500 Years Of Evolution Of Robots On Display In London Exhibition

Posted: Feb 8 2017, 5:22am CST | by , in News | Latest Science News

 

500 Years of Evolution of Robots on Display in London Exhibition
An animatronic baby is displayed during the press preview for the 'Robots' exhibition at the Science Museum on February 7, 2017 in London, England. The exhibition showcases robot history going back 500 years with over 100 robots including the largest collection of humanoid robots ever displayed. Photo Credit: Carl Court/Getty Images
  • London Exhibition displays 500 Years of Evolution in Robotics
 

An exhibition held recently in London displayed half a millennium worth of evolution in the science of robotics.

The question has fascinated mankind since the past 500 odd years or so. Why does humanity make machines that mimic its qualities? How does that reflect upon us as a species?

A London exhibition which opened its doors to the public on Tuesday has on display some of the robots and robot-like contraptions that have been constructed by human beings over the past 500 years. 

The robots ranged all the way from the simple and primitive to the complex and sophisticated. A monk that lip-synched in the 16th century and an avatar that helped children recover from autism were two of the robots on display at the exhibition.

A hundred other robots were on display at the Science Museum. These strange machines were a source of curiosity as well as visceral fear among some of the onlookers who came in scads to view the robots.

To gaze at the basic evolution of the science of robotics is something which will give humanity pause for thought. One also realizes that science is not just a 21st century phenomenon.

It has in fact been going on since eons. The only difference is that today, science and scientists are organized whereas in the past they were not united in the pursuit of observation and experimentation.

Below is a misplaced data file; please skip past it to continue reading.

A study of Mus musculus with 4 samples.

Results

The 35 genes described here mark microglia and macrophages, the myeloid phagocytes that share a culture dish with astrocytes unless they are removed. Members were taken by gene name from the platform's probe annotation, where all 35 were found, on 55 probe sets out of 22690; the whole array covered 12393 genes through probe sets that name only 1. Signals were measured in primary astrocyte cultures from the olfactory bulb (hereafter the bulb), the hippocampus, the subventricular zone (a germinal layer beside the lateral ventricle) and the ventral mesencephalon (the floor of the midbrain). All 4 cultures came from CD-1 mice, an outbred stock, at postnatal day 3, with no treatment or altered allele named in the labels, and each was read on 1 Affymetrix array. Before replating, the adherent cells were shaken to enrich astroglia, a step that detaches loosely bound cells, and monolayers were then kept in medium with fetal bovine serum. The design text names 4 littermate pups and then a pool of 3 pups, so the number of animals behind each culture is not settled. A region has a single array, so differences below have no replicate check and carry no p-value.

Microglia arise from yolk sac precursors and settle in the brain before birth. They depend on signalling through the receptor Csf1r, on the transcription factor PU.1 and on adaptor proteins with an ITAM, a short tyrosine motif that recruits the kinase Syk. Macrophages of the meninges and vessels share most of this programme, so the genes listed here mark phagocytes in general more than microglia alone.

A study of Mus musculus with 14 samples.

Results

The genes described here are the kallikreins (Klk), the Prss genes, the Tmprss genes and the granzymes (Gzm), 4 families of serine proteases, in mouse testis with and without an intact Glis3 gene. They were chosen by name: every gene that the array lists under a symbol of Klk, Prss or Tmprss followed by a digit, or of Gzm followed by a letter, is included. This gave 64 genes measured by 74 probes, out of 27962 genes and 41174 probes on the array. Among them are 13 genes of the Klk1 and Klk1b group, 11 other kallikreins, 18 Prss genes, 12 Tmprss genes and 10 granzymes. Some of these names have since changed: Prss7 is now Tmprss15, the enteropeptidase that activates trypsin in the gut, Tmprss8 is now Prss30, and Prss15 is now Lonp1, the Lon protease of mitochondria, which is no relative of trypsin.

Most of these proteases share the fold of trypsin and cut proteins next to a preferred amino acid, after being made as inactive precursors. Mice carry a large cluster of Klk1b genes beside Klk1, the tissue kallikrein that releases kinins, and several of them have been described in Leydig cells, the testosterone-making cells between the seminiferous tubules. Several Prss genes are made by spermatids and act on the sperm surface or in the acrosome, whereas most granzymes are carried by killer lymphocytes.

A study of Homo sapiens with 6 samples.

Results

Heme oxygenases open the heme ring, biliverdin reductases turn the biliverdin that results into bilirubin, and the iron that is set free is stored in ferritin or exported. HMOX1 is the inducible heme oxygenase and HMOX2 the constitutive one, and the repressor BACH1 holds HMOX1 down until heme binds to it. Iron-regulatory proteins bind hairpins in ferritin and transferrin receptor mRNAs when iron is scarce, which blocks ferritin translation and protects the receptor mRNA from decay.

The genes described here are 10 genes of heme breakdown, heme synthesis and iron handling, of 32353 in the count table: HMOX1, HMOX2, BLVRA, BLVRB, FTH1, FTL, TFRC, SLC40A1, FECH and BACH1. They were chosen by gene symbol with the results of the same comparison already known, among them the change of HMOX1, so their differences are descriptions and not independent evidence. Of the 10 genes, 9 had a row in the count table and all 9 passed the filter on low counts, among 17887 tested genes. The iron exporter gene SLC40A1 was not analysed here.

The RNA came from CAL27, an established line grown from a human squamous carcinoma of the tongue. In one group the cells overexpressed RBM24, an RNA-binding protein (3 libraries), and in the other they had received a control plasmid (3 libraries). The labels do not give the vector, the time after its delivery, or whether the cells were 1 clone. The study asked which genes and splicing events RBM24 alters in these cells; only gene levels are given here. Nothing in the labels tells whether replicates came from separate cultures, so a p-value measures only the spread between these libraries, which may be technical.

Yet the actuality is such that human beings need not fear robots at all. We will adapt to all and any circumstances that face us as a species. The study of robots will allow us to form a picture of how a society was shaped by science and technology.

The 16th century monk robot was able to pray, tread a table and move its lips. It also was able to hold up a cross in its hand. The fear that humanity will be enslaved and left behind by troops of robots that act in a mechanical manner is a load of bunkum.

Yet AI has made the scientific community stand up and take notice despite its benign nature. No less an authority than Stephen Hawking has said that AI could be the best or worst thing which ever happened to mankind.

Many of the robots on display at the London exhibition are merely for entertainment purposes though. They definitely do not have the capacity to harm human beings.

Even those which are capable and adept machines just help out in the rehabilitation process of people facing certain medical or psychological issues.